Mortgage-backed securities: Coughs and sneezes fail to spread diseases
Historically, when the US sneezes, Latin America catches a cold, and Mexico comes down with hypothermia. So what on earth is going on in the market for mortgage-backed securities?
In the US, mortgage-backed bonds are imploding, causing losses estimated at well over $100 billion, and raising worries about the viability of the US economy as a whole. That’s much more than a sneeze. But in Latin America, the market in mortgage-backed bonds continues to go from strength to strength.
In July, for instance, Colombia’s Titularizadora priced $192 million-worth of mortgage-backed bonds, denominated in Colombian pesos, at a yield of 10.14%, and with a final maturity of as long as 15 years.
In Mexico, the news was even more impressive: state-owned mortgage lender Infonavit placed $250 million of mortgage-backed bonds denominated in UDIs, or inflation-indexed Mexican pesos, at a real yield of just 4.28% and with a maximum term of 22 years. The issue is the biggest Latin American mortgage-backed bond yet.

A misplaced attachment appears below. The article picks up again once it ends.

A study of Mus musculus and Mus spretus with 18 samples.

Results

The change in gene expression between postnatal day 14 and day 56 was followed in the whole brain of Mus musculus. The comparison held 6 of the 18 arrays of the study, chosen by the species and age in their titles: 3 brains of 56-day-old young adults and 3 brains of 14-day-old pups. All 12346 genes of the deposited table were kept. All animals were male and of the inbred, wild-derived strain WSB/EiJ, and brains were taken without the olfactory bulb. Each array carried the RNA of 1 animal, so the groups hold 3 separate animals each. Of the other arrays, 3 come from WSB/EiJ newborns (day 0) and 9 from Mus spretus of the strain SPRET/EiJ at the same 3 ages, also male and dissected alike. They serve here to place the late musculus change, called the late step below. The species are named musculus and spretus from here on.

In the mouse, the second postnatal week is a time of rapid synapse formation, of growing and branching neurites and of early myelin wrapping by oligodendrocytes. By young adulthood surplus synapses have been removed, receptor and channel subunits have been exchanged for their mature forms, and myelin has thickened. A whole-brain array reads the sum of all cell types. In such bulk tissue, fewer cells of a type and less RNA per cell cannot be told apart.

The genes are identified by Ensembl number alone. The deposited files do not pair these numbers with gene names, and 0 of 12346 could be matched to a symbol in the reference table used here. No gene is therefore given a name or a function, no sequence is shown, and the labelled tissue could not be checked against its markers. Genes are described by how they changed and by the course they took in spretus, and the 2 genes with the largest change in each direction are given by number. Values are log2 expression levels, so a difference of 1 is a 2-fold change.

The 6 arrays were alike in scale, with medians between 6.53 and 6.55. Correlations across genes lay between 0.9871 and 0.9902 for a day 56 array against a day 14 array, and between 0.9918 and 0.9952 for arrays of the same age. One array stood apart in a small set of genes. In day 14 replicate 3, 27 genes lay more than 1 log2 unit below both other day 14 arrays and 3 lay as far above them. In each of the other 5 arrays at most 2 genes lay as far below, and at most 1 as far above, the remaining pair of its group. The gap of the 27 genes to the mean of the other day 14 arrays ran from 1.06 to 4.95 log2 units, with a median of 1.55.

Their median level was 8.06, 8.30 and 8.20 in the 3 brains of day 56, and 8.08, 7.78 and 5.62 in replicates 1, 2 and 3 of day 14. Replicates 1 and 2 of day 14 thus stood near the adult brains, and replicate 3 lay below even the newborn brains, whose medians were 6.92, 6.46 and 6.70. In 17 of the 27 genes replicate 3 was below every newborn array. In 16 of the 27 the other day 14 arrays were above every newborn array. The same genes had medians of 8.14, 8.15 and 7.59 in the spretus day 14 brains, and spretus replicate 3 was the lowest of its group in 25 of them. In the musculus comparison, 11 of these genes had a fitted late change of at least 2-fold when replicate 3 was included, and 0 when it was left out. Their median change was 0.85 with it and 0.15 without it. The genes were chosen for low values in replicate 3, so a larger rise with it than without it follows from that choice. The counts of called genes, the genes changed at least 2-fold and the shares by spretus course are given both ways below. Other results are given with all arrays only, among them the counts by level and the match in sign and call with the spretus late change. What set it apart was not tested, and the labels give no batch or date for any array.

In both cases, the investors were entirely local, with domestic pension funds taking a large chunk of the deals. Foreign investors weren’t even courted, despite their historical propensity to buy local paper at lower yields than domestic institutions are sometimes willing to accept.
The fact is that local debt markets in Colombia and Mexico have already matured to the point at which foreign investors are no longer necessary.